Posted in Our Blog on May 2, 2014
The United States Supreme Court will rule later this year on two different issues that could have serious consequences on how we use technology in our daily lives. One could impact the way we consume TV over the internet and the future of cloud computing; the other could have serious repercussions on our rights to privacy.
In American Broadcasting Companies, Inc. v. Aereo, a group of television networks joined together to file suit against Aereo, a small startup company that lets users record a TV show on local network TV (i.e., CBS, NBC, ABC, FOX, and a few others) and then watch that show on-demand on their computers, tablets, or smartphones. Broadcast television is available for free to anyone with an antenna, and so Aereo purchases thousands of tiny antennas, assigns an antenna to each of its subscribers, stores recordings from the antennas on its servers, and then gives users access to their own saved shows. This is a clever workaround to existing laws set up to regulate commerce between networks and cable providers, but the TV networks are claiming Aereo is violating copyright laws. TV networks receive huge fees from cable companies to retransmit their content (This is how you’re able to receive local television through your cable provider instead of an antenna.), and they allege that Aereo should be paying those same fees; Aereo argues it’s merely selling access to high-grade antennas.
The arguments are intriguing from a legal perspective, but this case is also interesting for its implications. If the Supreme Court rules against Aereo, it will set a precedent establishing what can and can’t be stored on cloud servers. Technology is quickly moving toward a cloud-based world-one where files are stored on a company’s remote servers rather than on a local hard drive-and the Court’s decision could potentially gut the way companies like Google, Apple, Amazon, Dropbox, and many others operate.
The Court also heard a pair of criminal cases wherein police obtained incriminating information from the mobile phones of suspects. The question underlying these cases is what kind of protection our cell phones should be afforded from unlawful search and seizure. When a person is arrested, police are allowed to search his or her personal effects-a wallet, for example-without a warrant. But now that cell phones contain such vast amounts of personal, sensitive data such as emails, bank statements, and even medical records, the question becomes whether it’s appropriate for police to be able to search them without a warrant.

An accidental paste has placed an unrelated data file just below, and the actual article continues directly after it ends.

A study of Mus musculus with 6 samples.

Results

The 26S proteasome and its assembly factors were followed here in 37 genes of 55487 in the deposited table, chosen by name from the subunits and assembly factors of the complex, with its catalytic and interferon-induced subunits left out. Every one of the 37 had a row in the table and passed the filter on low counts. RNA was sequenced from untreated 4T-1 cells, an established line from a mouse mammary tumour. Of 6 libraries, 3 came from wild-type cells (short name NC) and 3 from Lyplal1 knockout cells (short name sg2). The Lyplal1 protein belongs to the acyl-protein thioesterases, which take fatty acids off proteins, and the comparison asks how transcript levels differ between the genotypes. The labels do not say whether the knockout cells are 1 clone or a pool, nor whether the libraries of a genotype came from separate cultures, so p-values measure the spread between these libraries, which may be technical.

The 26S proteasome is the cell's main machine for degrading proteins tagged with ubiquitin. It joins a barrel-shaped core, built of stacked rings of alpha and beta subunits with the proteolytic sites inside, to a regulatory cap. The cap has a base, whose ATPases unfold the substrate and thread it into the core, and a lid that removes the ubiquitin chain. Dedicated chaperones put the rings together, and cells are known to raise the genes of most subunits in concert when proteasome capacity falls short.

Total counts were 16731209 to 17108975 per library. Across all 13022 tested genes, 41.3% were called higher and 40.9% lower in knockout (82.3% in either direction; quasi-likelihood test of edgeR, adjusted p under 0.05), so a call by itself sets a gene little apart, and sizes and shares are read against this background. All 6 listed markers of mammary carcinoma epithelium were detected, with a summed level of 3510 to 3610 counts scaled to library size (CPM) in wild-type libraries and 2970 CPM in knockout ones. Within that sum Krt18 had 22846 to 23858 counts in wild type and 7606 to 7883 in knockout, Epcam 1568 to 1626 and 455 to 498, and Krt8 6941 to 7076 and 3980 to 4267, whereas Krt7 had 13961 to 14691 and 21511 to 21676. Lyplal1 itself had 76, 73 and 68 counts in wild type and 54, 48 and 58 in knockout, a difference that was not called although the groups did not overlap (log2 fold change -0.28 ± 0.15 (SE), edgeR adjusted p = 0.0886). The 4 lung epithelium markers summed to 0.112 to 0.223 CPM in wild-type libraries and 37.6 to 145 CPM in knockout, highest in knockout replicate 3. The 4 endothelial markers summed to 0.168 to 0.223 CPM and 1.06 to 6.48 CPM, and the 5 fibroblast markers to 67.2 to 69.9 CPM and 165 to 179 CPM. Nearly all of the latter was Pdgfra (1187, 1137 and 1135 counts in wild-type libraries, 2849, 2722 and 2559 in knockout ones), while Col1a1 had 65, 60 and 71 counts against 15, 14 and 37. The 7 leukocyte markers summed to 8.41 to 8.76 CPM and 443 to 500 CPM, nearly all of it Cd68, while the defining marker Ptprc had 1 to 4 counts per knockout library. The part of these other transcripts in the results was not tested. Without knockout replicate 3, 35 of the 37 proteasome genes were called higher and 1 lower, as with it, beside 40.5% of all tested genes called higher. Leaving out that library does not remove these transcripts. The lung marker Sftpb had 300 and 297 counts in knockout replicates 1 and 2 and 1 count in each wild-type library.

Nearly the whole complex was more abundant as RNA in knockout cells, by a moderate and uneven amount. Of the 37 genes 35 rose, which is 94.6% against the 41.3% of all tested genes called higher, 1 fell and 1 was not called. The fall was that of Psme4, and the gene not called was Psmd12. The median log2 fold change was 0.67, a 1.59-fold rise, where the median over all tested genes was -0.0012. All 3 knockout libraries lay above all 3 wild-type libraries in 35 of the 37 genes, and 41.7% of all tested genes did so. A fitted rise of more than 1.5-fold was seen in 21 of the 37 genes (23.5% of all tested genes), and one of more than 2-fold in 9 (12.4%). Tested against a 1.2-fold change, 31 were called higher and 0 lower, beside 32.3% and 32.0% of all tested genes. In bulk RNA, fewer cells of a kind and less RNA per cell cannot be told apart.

The arguments in favor of searching cell phones invoke safety for police officers-who need to know that the suspect isn’t calling in reinforcements or remotely detonating a bomb-and the need to preserve evidence. To split the difference, several of the justices are suggesting the law allow police to search suspects’ phones but only let them search for information relevant to the specific charge.
However the justices decide, it is clear that technology is moving much faster than the law. Not only is the Supreme Courts relying on case law that is decades (or more!) old to make its decisions, but the justices themselves have admitted they’re out of touch with technology. Justice Stephen Breyer said he doesn’t know what kind of phone he has because he can’t get past its password, and Justice Sonia Sotomayor asked how Aereo is similar to, “iDrop in the cloud,” a product that doesn’t exist.
Still, the Supreme Court has historically been on the side of innovation. In 1984, it ruled in favor of the producers of a Betamax-recorder in Sony Corp of America v. Universal City Studios, Inc. Sony manufactured Betamax recorders and VCRs for people to record TV shows, a completely new concept at the time. The Court ruled that this wasn’t copyright infringement, and the home video industry boomed as a result. Had this one simple decision gone the other way, it’s very likely we wouldn’t have DVR, Netflix, and Blu-Rays today. In many ways, the nine men and women in Washington on our highest court decide our technological future, and it will be fascinating to see how the issues raised in these cases are resolved.